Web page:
By: C. W. Baker

The gigantic house

With more rooms than you can count

Stands alone. Like them.


There were three young children who lived in a house

With mommy and daddy happily espoused

But trouble brewed behind daddy’s eyes

He wanted to win and youth was the prize. 


He left and he partied far into the night

While mommy said nothing and stayed out of sight

He raged and screamed against age and pain

Trying to grasp a lost past fame


He wanted it younger, prettier, new

First the car, then the house, and finally mommy too. 

The tears were short lived as he raged in the night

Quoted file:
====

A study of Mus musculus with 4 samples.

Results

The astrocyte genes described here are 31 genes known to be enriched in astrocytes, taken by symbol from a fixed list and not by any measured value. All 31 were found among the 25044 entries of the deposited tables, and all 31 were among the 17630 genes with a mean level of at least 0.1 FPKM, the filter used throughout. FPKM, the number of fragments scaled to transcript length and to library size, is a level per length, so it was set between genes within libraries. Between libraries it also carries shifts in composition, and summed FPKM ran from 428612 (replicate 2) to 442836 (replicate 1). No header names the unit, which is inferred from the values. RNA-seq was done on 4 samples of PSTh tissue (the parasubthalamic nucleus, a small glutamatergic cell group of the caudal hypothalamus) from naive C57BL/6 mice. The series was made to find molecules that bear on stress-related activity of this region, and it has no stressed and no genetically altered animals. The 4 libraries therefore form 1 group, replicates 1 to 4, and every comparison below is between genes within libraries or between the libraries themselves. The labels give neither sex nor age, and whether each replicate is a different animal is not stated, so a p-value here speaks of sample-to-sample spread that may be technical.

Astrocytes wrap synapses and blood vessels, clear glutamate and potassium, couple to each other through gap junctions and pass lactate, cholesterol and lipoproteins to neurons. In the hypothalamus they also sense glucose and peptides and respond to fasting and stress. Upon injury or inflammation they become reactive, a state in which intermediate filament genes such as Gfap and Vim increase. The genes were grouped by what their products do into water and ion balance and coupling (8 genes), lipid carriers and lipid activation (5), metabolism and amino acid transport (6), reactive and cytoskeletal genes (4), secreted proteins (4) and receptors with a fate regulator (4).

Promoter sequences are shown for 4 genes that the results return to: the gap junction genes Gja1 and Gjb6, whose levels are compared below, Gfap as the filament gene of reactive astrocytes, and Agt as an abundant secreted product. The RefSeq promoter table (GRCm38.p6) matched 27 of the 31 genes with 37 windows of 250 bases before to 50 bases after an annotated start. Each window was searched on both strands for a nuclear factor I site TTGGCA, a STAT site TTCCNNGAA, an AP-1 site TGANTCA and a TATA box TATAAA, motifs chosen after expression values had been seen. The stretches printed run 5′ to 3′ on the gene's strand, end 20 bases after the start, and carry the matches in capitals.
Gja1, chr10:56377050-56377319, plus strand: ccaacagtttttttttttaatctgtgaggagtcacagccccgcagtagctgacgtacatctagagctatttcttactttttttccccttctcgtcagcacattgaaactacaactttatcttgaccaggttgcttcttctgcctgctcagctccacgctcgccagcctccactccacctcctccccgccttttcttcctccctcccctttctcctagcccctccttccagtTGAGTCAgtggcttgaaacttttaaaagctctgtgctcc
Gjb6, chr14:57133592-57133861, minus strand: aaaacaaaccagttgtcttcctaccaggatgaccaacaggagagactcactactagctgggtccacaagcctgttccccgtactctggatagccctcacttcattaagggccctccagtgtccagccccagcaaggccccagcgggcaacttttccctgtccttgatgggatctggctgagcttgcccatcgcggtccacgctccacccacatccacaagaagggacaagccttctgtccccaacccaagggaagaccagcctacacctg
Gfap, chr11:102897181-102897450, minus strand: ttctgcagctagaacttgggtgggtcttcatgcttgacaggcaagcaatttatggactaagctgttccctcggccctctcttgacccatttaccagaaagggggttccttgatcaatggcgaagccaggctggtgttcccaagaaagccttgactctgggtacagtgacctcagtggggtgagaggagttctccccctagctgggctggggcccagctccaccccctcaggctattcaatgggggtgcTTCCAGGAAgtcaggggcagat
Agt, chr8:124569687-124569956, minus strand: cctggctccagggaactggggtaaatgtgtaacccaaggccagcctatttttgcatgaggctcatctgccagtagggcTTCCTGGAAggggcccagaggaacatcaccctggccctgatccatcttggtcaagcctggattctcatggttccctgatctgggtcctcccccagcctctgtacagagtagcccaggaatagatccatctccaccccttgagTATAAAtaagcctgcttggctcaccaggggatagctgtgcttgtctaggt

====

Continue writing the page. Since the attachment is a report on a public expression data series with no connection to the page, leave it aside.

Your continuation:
For what he’d become was a terrible sight


He was smart as a whip but it was all lost 

Among the petty and banal that his life was cost

He found with a start he couldn’t grow old

Just irrelevant and lost a superfluous troll


And the children they watched but couldn’t understand

Trying to find their lost father In the empty old man. 

They vied for affection that he could never give

He loved only himself, for nothing else could he live. 


He lived in glass towers that no one could reach

Never noticing that nothing was under his feet

Living on hot air, a veneer of celebrity

With parties, and booze and women a plenty. 


To watch from the outside, to judge him so

Is as hypocritical as a raven chastising a crow

He could be happy, his life fulfilled. 

But I hear his children beg, and see the tears they have spilled. 


I stand as a foreigner who was never invited

To spy on his life, most intimate and private

I don’t speak, I just watch cradling their heads

As I tell them nice stories and put them to bed.